To assess associations of protective workplace and home practices with pesticide exposure levels.
Using data from orchard workers in the Yakima Valley, Washington, we examined associations of workplace and home protective practices with (1) urinary metabolite concentrations of dimethylthiophosphate (DMTP) in adults and children aged 2 to 6 years and (2) azinphos-methyl levels in house and vehicle dust.
Data were collected from 95 orchard workers and 94 children. Contrary to expectation, adult farm workers who wore boots or washed hands using hand sanitizer had higher concentrations of DMTP than those who did not. Children who attended daycare had higher DMTP concentrations than children who did not.
Few workplace or home practices were associated with pesticide exposure levels; workers who used hand sanitizer had higher concentrations of DMTP, as did children who attended daycare.
From Kaiser Permanente Center for Health Research (Dr Coronado), Portland, Ore.; Program in Biostatistics and Biomathematics (Dr Holte), Fred Hutchinson Cancer Research Center, Seattle, Wash.; Department of Environmental and Occupational Health Sciences (Mr Vigoren and Drs Griffith and Faustman), University of Washington, Seattle, Wash.; Cancer Prevention Program (Dr Thompson), Fred Hutchinson Cancer Research Center, Seattle, Wash; and Department of Environmental Health (Dr Barr), Rollins School of Public Health; Atlanta, Ga.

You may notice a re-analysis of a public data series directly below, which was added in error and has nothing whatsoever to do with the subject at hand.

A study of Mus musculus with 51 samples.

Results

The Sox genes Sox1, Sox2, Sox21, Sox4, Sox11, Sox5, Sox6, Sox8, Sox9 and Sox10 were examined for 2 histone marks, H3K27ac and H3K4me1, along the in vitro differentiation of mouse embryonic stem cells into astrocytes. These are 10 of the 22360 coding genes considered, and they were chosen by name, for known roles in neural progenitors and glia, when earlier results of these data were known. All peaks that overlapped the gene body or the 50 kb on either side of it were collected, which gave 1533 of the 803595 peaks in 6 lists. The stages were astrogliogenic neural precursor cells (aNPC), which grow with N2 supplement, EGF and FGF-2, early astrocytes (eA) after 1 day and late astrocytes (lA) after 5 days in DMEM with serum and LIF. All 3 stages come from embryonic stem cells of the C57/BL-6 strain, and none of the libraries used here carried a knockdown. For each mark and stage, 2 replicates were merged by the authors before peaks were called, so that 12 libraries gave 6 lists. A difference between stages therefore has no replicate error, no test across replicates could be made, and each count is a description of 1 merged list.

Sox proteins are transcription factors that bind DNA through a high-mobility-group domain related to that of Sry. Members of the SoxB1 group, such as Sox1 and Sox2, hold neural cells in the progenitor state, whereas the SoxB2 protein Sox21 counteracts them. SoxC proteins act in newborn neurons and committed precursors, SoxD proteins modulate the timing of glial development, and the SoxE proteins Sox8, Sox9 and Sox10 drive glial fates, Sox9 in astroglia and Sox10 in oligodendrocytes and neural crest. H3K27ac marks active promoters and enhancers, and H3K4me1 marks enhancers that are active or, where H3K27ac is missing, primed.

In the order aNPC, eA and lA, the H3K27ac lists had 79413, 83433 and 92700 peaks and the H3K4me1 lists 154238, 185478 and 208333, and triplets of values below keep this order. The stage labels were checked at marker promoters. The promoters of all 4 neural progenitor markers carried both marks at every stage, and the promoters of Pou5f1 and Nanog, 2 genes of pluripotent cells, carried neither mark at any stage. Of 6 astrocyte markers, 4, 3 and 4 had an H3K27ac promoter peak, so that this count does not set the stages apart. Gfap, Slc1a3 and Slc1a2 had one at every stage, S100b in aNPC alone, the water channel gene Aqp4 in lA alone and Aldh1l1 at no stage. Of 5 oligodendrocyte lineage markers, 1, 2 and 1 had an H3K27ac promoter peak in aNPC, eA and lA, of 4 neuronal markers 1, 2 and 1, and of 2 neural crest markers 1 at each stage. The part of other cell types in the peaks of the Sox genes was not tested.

Address correspondence to: Gloria Coronado, PhD, Mitch Greenlick Endowed Scientist for Health Disparities, The Center for Health Research, Kaiser Permanente Northwest, 3800 North Interstate Avenue, Portland, OR 97227 (Gloria.D.Coronado@kpchr.org).
All authors contributed to the study design, analytic approach, and interpretation of results. S.E.H. conducted the statistical analysis. G.D.C. prepared the article. All authors critically reviewed and revised article drafts and approved the final version. The authors declare no conflict of interest.